Reviving and Preventing Dying Strawberry Plants

Strawberry plants are a delightful addition to any garden, offering sweet and juicy fruits. However, it can be disheartening to see your beloved strawberry plants withering away. Understanding the reasons behind their decline is crucial in reviving them or preventing this from happening in the first place.

The Mystery of Dying Strawberry Plants

There are several factors that can contribute to the demise of strawberry plants. Nutrient deficiency, frost damage, crown rot, and drought stress are among the most common culprits. However, fear not, as we delve into the details of each issue and provide solutions to ensure your strawberry plants thrive.

Nutrient Deficiency: Unveiling the Yellow Leaves

Yellow leaves and stunted growth are telltale signs of nutrient deficiency in strawberry plants. Sandy or stony soil, often devoid of nutrients, is a major contributor to this problem. To combat this issue, it is essential to amend the soil with organic matter such as compost, well-rotted manure, or leaf mold. These materials provide the necessary nutrients and maintain optimal moisture levels for healthy strawberry growth.

For those struggling with yellowing plants, transferring them to pots or containers can be a viable solution. This allows for better control over the soil profile, ensuring the strawberries’ nutritional needs are met. Additionally, regular fertilization with a high-potash feed, such as a tomato feed, during the spring and summer months can help combat yellow leaves and stimulate robust fruit production.


Frosts can wreak havoc on strawberry plants, causing leaves to curl up, turn brown, and even blacken. Late frosts in the spring pose the greatest threat, particularly if the plants have not acclimated to the outdoors after being grown in a greenhouse. While light frost damage can be mitigated by cutting back affected growth and implementing protective measures, prevention is key. Consider purchasing horticultural fleece to safeguard your plants when frost is forecasted. Alternatively, growing strawberries in a greenhouse or polytunnel provides a safe haven from frost damage.

Crown Rot: A Hidden Danger

Crown rot is another common cause of dying strawberry plants. This occurs when the crown, where the stems meet the base of the plant, is planted too deeply in the soil, allowing for constant contact with damp compost. While the roots require consistent moisture, the above-ground growth prefers a drier environment to avoid disease. Crown rot thrives in overly moist and humid conditions, often exacerbated by overhead watering. This disease slows plant growth, discolors the crown tissue, and can lead to brown or yellow leaves, depending on the stage of infection.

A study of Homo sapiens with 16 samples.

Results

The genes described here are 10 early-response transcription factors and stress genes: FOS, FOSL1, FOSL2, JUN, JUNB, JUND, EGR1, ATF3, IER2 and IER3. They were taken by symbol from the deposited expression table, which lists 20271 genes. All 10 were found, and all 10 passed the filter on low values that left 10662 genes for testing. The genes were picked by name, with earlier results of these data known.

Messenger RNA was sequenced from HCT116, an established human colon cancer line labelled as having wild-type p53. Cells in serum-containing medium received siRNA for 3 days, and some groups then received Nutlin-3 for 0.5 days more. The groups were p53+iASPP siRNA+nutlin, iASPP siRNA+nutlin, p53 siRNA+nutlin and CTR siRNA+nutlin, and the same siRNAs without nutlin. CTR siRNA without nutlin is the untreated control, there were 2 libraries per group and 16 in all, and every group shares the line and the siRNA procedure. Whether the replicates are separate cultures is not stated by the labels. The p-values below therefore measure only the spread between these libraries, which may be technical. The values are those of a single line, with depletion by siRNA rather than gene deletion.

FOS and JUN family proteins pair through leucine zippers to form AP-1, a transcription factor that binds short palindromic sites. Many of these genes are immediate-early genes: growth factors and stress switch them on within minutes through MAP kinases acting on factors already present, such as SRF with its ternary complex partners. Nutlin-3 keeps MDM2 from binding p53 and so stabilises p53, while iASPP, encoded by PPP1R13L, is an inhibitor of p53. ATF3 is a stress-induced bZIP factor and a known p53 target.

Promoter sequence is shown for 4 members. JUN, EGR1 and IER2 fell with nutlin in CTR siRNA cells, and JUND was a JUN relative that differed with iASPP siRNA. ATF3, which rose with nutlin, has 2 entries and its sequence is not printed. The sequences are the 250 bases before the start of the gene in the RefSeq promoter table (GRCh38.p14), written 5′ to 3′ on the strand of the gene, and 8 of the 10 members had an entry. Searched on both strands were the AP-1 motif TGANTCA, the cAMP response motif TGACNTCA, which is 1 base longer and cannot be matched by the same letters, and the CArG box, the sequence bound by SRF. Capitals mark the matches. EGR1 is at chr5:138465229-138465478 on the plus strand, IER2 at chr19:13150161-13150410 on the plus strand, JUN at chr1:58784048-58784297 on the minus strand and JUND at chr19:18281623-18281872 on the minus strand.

Once crown rot takes hold, it is essential to discard the affected plant and refrain from planting new ones in the same area. Fungicides can be used to prevent reinfection of other plants. To prevent crown rot, always water your strawberry plants at the base instead of overhead, as this avoids creating the ideal conditions for the disease. Planting strawberries at the right depth in well-draining soil significantly reduces the risk of crown rot. Aim to space plants 18 inches apart to promote good air circulation, preventing the formation of a humid microclimate that fosters crown rot.


Underwatering is a major culprit behind dying strawberry plants. Insufficient moisture in the soil can cause leaves to wilt, shrivel, and turn brown. Newly planted strawberries are particularly vulnerable during the establishment phase, making frequent watering crucial to their survival. To encourage strong root growth and increase drought resilience, water generously, ensuring the soil remains moist. On hot summer days, daily watering may be necessary to provide adequate moisture for the developing fruit, especially in full sun conditions.

Potted strawberry plants are especially susceptible to drought stress due to their limited soil capacity and heightened risk of drying out quickly. To prevent this, water potted plants more frequently and monitor soil moisture levels using your finger or a water meter. Additionally, planting strawberries in soil amended with compost, leaf mold, or well-rotted manure helps retain moisture, mitigating the risk of drought stress.

The Cycle of Life: Understanding Strawberry Plants’ Lifespan

It is important to note that strawberry plants have a relatively short lifespan of about six years. After the second year, they often experience a decline in productivity and can ultimately succumb to disease, such as the fungal infections gray mold and powdery mildew. When reaching the end of their lifespan, strawberry plants tend to die back, exhibiting brown leaves.


Understanding the reasons behind dying strawberry plants is crucial for their revival or prevention of decline. Whether it’s addressing nutrient deficiencies, protecting against frost damage, combatting crown rot, or preventing drought stress, there are solutions to help ensure your strawberry plants thrive. By implementing proper care and providing optimal growing conditions, you can enjoy the bountiful harvest of these delectable fruits for years to come.